Every new day that comes, many in Yemen wake up to the distant hope that something in their homeland will change. Cholera, starvation, dehydration and violence continue to take lives as the political deadlock sees no sign of end. In order to break it, actors must adopt a greater sense of urgency and understand the needs of their adversaries. Then the appropriate concessions can be made that will lead to a win-win solution.
Since 2014, a brutal civil war has been raging in Yemen. Mass protests, as part of the 2011 Arab Spring, forced the long-standing president Saleh to concede power to his deputy Hadi. However, Hadi’s government was weak and proved incapable of dealing with a struggling economy, militant attacks, and widespread unpopularity. The historically oppressed Shia Houthi movement took this as their opportunity to gain control and seized large portions of the North and the capital Sana’a. In March 2015, a Saudi-led coalition intervened militarily backing the “internationally recognised” yet locally unpopular Hadi government. The coalition is supported by the US, the UK and France. Iran denies that it supports the Houthis, although it faces widespread claims that it is providing military and financial aid.
The war has created the world’s worst humanitarian crisis. As well as causing 60,000 violent deaths according to ACLED (The Armed Conflict Location & Event Data Project), 75% of the population need humanitarian support according to the UN Office for the Coordination of Humanitarian Aid (UNOCHA). The UN also estimates that 8.4 million are at risk of starvation and Save the Children claims that 85,000 children have died of malnutrition since the war began. Cholera and dehydration also plague the country, as 16 million lack access to safe water and sanitation (UNOCHA).
December saw peace talks, where a ceasefire was agreed around the port city of Hodeida. However, the ceasefire was soon broken and although the talks were promising, a long-term peace plan seems far off. One thing which helped initiate the talks was an increase in urgency to solve the problem from the international community. Much more of this sentiment will be needed. Actors also need to adopt a system of shared responsibility where parties focus on satisfying the underlying needs of their enemies, rather than fighting their positions.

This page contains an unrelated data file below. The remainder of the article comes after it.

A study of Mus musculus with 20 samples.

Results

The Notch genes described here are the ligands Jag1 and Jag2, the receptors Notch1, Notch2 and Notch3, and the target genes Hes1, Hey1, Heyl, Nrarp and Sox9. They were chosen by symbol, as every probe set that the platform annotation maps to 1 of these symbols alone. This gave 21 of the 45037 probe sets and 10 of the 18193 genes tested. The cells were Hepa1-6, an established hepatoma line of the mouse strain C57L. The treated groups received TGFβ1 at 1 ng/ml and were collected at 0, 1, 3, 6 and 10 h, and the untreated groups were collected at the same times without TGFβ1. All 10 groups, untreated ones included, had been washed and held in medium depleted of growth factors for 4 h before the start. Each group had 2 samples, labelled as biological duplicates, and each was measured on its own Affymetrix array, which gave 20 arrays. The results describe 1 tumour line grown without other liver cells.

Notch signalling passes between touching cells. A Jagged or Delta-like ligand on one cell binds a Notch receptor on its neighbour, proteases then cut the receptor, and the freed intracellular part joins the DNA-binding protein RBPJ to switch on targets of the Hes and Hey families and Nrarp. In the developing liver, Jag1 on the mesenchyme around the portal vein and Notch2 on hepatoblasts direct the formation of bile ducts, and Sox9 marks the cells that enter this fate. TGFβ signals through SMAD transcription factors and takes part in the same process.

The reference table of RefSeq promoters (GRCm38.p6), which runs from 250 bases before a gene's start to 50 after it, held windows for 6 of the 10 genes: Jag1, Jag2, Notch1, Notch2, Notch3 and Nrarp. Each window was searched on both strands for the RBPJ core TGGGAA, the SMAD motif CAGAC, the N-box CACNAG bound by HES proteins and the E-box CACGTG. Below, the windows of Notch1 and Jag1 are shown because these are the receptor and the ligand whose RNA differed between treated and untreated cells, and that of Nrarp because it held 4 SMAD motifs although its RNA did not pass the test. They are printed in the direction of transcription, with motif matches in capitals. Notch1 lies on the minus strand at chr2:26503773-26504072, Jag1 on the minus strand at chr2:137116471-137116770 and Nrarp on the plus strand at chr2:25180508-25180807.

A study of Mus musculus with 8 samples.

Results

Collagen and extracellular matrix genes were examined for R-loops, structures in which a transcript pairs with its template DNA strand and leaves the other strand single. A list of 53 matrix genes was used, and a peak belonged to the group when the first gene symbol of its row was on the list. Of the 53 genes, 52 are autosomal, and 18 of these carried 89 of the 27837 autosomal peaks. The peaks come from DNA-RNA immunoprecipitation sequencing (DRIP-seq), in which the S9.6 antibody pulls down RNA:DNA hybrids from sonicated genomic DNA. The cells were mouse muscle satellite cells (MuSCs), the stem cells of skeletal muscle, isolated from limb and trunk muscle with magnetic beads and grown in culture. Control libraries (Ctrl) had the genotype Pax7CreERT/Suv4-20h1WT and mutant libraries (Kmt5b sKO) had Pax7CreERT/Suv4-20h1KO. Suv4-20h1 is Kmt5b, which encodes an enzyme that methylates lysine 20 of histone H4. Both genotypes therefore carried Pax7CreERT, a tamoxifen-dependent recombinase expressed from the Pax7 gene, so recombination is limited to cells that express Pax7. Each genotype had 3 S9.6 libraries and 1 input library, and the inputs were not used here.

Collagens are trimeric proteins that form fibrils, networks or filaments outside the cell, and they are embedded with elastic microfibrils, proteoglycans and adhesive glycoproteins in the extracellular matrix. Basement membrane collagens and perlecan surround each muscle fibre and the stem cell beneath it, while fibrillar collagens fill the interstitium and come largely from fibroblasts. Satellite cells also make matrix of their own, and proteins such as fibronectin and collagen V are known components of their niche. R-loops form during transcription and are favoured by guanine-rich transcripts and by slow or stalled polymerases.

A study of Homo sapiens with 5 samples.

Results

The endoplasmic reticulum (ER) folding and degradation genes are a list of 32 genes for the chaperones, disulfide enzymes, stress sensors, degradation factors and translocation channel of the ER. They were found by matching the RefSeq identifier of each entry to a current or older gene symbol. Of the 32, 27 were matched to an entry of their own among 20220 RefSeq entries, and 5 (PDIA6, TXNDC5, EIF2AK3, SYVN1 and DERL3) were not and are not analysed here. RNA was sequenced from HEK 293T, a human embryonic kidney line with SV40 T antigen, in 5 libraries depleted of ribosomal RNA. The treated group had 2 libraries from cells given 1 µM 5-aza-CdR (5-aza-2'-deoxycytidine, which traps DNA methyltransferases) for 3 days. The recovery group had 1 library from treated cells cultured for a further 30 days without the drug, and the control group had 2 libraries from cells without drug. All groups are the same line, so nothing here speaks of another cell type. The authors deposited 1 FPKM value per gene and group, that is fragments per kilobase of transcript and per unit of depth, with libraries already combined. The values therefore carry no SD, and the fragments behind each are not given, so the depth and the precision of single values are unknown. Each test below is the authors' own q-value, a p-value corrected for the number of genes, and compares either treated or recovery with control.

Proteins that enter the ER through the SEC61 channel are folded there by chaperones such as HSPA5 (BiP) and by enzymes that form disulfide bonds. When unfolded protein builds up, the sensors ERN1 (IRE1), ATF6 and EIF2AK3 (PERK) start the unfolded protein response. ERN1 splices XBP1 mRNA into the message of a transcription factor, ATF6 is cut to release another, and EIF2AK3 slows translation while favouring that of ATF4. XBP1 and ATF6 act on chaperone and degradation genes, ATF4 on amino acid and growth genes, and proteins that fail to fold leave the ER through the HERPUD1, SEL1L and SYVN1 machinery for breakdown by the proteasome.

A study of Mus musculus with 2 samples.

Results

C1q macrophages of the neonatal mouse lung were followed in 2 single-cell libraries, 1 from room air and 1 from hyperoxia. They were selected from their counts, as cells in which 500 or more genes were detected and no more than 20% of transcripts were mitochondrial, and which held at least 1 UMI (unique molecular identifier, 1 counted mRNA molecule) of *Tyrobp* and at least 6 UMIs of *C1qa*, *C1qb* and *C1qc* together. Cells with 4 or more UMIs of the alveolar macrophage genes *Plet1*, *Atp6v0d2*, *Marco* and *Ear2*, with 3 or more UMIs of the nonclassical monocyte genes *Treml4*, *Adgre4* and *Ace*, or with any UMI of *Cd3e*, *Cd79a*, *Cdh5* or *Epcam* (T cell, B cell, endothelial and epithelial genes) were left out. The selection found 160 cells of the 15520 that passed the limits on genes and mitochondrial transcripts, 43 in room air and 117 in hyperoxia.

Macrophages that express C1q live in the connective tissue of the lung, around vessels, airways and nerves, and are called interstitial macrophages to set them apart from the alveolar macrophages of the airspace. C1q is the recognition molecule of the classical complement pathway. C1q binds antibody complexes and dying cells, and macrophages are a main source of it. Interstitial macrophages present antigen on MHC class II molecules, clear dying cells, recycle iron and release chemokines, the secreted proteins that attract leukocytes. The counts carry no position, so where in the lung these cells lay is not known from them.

Possible Actions Towards Peace
The Zaydii Shiite Houthi movement chose to rebel after years of living under a government which failed to grant them adequate representation. They see Saudi Arabia and Hadi as instigators of this repression. Therefore, Saudi could meet their needs by giving them sovereignty of the northern parts of Yemen in which they reside.
The Saudi’s see the Houthis as proxies for Iran, who they claim are trying to gain a foothold in the region. This is a major worry for Saudi Arabia, who share a border with the Houthi dominated northern Yemen. In return for greater sovereignty, the Houthis could agree to cut ties with Iran.
This could work for both Saudi and the Houthis, but Iran would also need to gain. Iran seeks to reduce Saudi Arabia’s power position in their battle for influence in the Middle East and the current power balance in Yemen is in their favour. If the Houthi’s were to break ties, Iran may choose to increase support for the secessionist movement in the south, who they have already partially backed. Therefore, they would need something in return for “keeping out of Yemen”.
This could possibly come from the US and would range from releasing prisoners to relieving trade sanctions. Although the Trump administration might be unwilling to negotiate or concede to Iran, it may have no choice. The pressure on the administration to end its involvement in Yemen has greatly increased with the murder of Jamal Khashoggi and a vote from the US Senate to end military support for Saudi in Yemen. The administration may be willing to make concessions, if they can gain support from the Houthis in their fight against Al-Qaeda in the Arabian Peninsular (AQAP). Cooperation with the US may be hard for the Houthis to fathom, as part of their slogan rings ‘Death to America’. However to reach such a solution, cooperation would be necessary.
These are some just possible pathways towards peace and many more need to be explored. This can only happen if parties adopt a greater political will toward finding a solution to the devastation that is ravaging Yemen.